Voting isn’t always a smooth process, and SHFWire is following hot spots across the country.

WASHINGTON – Some polling locations got off to a shaky start during the midterm elections Tuesday.

Before the lunch hour hit, several counties and cities were experiencing problems, including long lines, websites crashing and voting machines not working correctly.

Some of the polling places in Virginia Beach, Va., experienced trouble with their voting machines. When voters tried to cast a vote for a Republican candidate, the machine changed it to a Democratic vote.

Democratic Sen. Mark Warner is defending his seat against a challenge from Ed Gillespie, former chair of the Republican National Committee.

Garren Shipley, communications director for the Republican Party of Virginia, said he did not know why the machines were doing this. He asked the Board of Elections and the Virginia Department of Elections to correct the problem as soon as possible. A call to the board wasn’t immediately returned.

“We’re asking all voters to take their time, review their ballots, and be sure they’re correct before they push the final ‘cast ballot’ or ‘vote’ button,” Shipley said in an email.

There were fewer reports of long waits to vote than two years ago.

Polling places in Fayette County, Pa., Chicago and Houston also experienced problems with their voting machines.

The Secretary of State website in Georgia crashed early Tuesday morning. Voters could not find out where they were supposed to vote until a separate site was provided. The glitch was fixed by the afternoon.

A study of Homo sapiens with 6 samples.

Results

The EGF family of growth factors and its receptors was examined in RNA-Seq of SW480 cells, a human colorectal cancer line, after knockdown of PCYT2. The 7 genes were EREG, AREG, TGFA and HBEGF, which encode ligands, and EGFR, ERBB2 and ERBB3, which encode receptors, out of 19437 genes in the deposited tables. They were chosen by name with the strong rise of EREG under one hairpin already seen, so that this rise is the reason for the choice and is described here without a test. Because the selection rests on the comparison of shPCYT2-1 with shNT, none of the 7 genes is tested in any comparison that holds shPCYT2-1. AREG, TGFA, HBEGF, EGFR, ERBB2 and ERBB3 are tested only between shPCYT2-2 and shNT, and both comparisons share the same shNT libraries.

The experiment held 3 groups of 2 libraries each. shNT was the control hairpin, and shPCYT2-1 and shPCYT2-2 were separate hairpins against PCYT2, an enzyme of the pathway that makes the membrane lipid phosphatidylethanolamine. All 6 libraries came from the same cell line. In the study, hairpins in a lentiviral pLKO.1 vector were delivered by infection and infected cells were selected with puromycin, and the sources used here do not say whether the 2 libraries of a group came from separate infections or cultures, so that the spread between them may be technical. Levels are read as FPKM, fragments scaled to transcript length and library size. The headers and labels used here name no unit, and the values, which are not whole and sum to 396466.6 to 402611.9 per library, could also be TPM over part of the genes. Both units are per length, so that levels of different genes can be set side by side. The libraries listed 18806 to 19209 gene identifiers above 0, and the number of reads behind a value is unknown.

El Paso, Texas; Contra Costa County, Calif.; Denton County, Texas, and Arapahoe County, Colo., also had their elections websites crash or not work properly in the morning. They were all fixed by the afternoon.

Reach reporter Lorain Watters at [email protected] or 202-408-1494.

Lorain Watters
Lorain Watters, Editor-in-chief Editor
Lorain Watters is a senior psychology and multimedia journalism major. She is currently the managing editor at The Prospector, previously holding the position of entertainment editor. Along with the newspaper and classes, Lorain is also a part of the National Society of Collegiate Scholars honors organization on campus. In her spare time, she enjoys reading at coffeeshops, discovering new music and driving. Lorain strives to work for the New York Times or the Huffington Post in the future.